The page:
David Mitchell is back on the UFC radar. He is not just another MMA guy anymore. He is now being tracked, watched, judged. Mitchell won his first UFC fight in Chicago on Jan. 27. He beat this other welterweight from Sweden, Simeon Thoresen, at the United Center. People surrounded Mitchell, asked him for his autograph, treated him like a celebrity.

"I never had been asked for my autograph before," said the Santa Rosa resident. "It was really cool. People actually were interested in what I was doing."

Those people would have been even more interested to know how Mitchell got there. In the 17 months preceding the fight, Mitchell had experienced so much pain and suffering, he came close to quitting the sport. He battled through depression, doubts, loneliness. Truth to tell, the Thoresen fight itself, that was probably the easiest part of those 17 months.

The toughest part? Looking at that piece of paper in March 2012.

You will not hold the surgeon or the hospital liable if something goes horribly wrong, like loss of speech, paralysis or death. Mitchell remembers reading those words, or words to that effect, before he signed the release form. He was going to have neck surgery at Sutter Pacific in San Francisco and he knew neck surgery was tricky, risky business. He had heard the stories. And then to see those words on paper, Mitchell took a big gulp and knew what he had to do.

"The day before surgery," said Mitchell, 33, "I jumped on my mountain bike and spent the whole day riding in Annadel. I didn't know what was going to happen."

Mitchell was a professional athlete, a mixed martial artist under contract to the Ultimate Fighting Championship folks. To think that this body he had trained so well that exercise to him was as natural as taking a breath, that it was even possible he would have to drink his dinner through a straw, all that gave him a chill.

As if he had a choice.

"If you had reached over and placed your finger on my head like this ..." he gently applied his right index finger to my knee, "... I would have screamed from the pain."

Mitchell had no strength in the left side of his body. He was in constant pain. It had begun as numbness and weakness three years earlier and gradually worsened. Most people would have seen a doctor long before Mitchell did. But he is an MMA guy, under UFC contract, and so on Aug. 27, 2011, he fought in Rio de Janeiro. He had no choice.

"It was either fight or get fired," said Mitchell, who graduated from Laytonville High School in 1998.

Mitchell had tried 10 days' worth of prednisone, an anti-inflammatory. No help. He took a cortisone shot in his neck just before the fight. It dulled the pain but gave him no strength. The pain leading up to that match not only affected his physical abilities but his mental capacities as well.

"Here I am in UFC, the NFL of MMA, realizing my dream, and I'm not as strong as I should be, not in as good a shape as I should be," Mitchell said. "I didn't feel like I belonged."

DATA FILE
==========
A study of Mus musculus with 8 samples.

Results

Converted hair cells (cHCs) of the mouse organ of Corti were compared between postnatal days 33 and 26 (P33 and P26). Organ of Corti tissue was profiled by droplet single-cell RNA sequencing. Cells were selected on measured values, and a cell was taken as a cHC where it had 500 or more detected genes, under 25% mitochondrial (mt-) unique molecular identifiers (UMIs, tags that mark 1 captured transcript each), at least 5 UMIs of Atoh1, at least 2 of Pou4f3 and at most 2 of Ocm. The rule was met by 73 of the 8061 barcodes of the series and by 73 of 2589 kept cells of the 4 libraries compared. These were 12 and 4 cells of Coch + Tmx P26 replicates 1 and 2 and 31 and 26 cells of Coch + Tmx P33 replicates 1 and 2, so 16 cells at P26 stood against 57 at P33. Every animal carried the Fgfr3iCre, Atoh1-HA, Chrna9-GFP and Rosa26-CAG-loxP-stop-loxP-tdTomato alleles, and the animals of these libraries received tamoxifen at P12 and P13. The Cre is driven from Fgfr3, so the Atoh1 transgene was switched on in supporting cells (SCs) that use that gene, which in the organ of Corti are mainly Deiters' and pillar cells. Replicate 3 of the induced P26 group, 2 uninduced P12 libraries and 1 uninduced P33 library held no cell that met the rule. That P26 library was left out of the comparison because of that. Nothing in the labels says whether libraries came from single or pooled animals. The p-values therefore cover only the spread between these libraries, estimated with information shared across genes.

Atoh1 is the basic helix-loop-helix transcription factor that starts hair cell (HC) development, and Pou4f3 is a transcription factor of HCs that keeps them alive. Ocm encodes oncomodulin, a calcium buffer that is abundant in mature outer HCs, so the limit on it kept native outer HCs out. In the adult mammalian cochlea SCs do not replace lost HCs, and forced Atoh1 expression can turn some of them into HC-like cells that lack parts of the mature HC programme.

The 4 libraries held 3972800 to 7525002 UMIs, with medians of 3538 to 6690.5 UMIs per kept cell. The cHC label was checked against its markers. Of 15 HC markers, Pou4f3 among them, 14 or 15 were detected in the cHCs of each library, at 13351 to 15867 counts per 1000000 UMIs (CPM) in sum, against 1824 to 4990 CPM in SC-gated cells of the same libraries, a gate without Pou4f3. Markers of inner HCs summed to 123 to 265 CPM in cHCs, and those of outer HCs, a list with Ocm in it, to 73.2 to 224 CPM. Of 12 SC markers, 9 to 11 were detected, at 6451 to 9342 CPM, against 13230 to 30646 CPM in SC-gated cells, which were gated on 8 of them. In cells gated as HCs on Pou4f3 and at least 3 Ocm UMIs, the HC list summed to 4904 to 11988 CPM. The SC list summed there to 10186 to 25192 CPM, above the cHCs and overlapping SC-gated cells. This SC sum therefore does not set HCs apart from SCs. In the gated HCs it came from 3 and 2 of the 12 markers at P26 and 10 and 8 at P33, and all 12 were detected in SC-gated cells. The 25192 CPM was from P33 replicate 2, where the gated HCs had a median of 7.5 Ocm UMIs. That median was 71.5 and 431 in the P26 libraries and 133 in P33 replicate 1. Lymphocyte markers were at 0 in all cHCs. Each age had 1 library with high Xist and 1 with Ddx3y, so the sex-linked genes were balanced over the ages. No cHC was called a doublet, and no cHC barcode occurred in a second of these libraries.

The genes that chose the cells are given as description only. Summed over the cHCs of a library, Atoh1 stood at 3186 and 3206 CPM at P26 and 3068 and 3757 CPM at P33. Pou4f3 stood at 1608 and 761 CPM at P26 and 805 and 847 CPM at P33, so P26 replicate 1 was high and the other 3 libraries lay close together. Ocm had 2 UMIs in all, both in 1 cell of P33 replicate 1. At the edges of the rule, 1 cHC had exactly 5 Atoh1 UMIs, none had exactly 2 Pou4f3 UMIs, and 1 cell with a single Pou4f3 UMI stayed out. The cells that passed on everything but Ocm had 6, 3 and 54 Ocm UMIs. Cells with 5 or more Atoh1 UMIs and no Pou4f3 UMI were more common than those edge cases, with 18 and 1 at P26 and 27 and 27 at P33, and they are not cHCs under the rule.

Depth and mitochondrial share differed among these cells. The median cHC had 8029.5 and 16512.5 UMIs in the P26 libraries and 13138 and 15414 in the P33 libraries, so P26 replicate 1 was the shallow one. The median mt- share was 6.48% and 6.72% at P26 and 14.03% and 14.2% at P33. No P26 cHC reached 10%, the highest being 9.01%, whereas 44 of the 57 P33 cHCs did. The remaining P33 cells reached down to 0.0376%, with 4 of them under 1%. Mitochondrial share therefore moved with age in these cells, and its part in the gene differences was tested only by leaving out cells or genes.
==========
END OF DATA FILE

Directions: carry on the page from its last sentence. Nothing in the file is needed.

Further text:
Mitchell lost a unanimous decision to a Brazilian special forces policeman. He made it three rounds but the pain was intense. It robbed him of his confidence, his agility and strength. Afterward Mitchell tried to train through the pain. He tried all-natural remedies. He would have drunk lizard extract if someone told him to. An MMA fighter does not give up the fight easily. Until he must. By March of 2011, Mitchell had what he estimated as only 20 percent function on the left side of his body. It was time to admit willpower wasn't going to solve this.

"It was the same surgery Peyton Manning had," Mitchell said, referring to the quarterback who now plays for the Denver Broncos.

The surgery became necessary simply for the practicality of it — Mitchell had a life to lead outside of the octagonal ring. Sutter Pacific neurosurgeon Dr. Peter Weber performed the operation. Based on the MRI, it appeared a bulging disk was pressing against a nerve, which would have made for a dicey surgery.

"Instead, they found a bone spur impinging on a nerve," Mitchell said.

While the surgery still required a deft touch, the chance of a more positive outcome increased. For a month Mitchell was told to remain relatively inert. Don't pick up anything heavier than 10 pounds. Be patient. Take your time. Mitchell knew to do that because time was running out for him. The window of opportunity for a 33-year-old MMA fighter — just coming off serious neck surgery — wasn't wide.

When he faced Thoresen, Mitchell knew he had to win "or I'd get fired." The UFC folks play hard ball. And Mitchell fought Thoresen with that idea in mind. His career was on the line.

"They say complete feeling, use and strength will take a full year after surgery," Mitchell said. "That should happen next month."

With 80 percent of sensation and strength restored, Mitchell works out six days a week at the NorCal Fighting Alliance. Not only is his career rejuvenated, so are his hopes.

"Now I want the UFC title," said Mitchell, 6-foot-1, 170 pounds. "Before, I just wanted to win a UFC match. Now that I have, I want to go for the title. You know, learning to crawl before you walk."

The walk has turned into more of a run. Mitchell has seen the couch. He has seen the television. He has seen the chips and he remembers staring at the ceiling and being forced to sit still like a Buddha. He remembers gaining 25 pounds. That 3-inch scar on the back of his neck reminds him of all that. That's why he is training so hard now. David Mitchell has some memories to replace.

You can reach Staff Columnist Bob Padecky at 521-5223 or bob.padecky@pressdemocrat.com.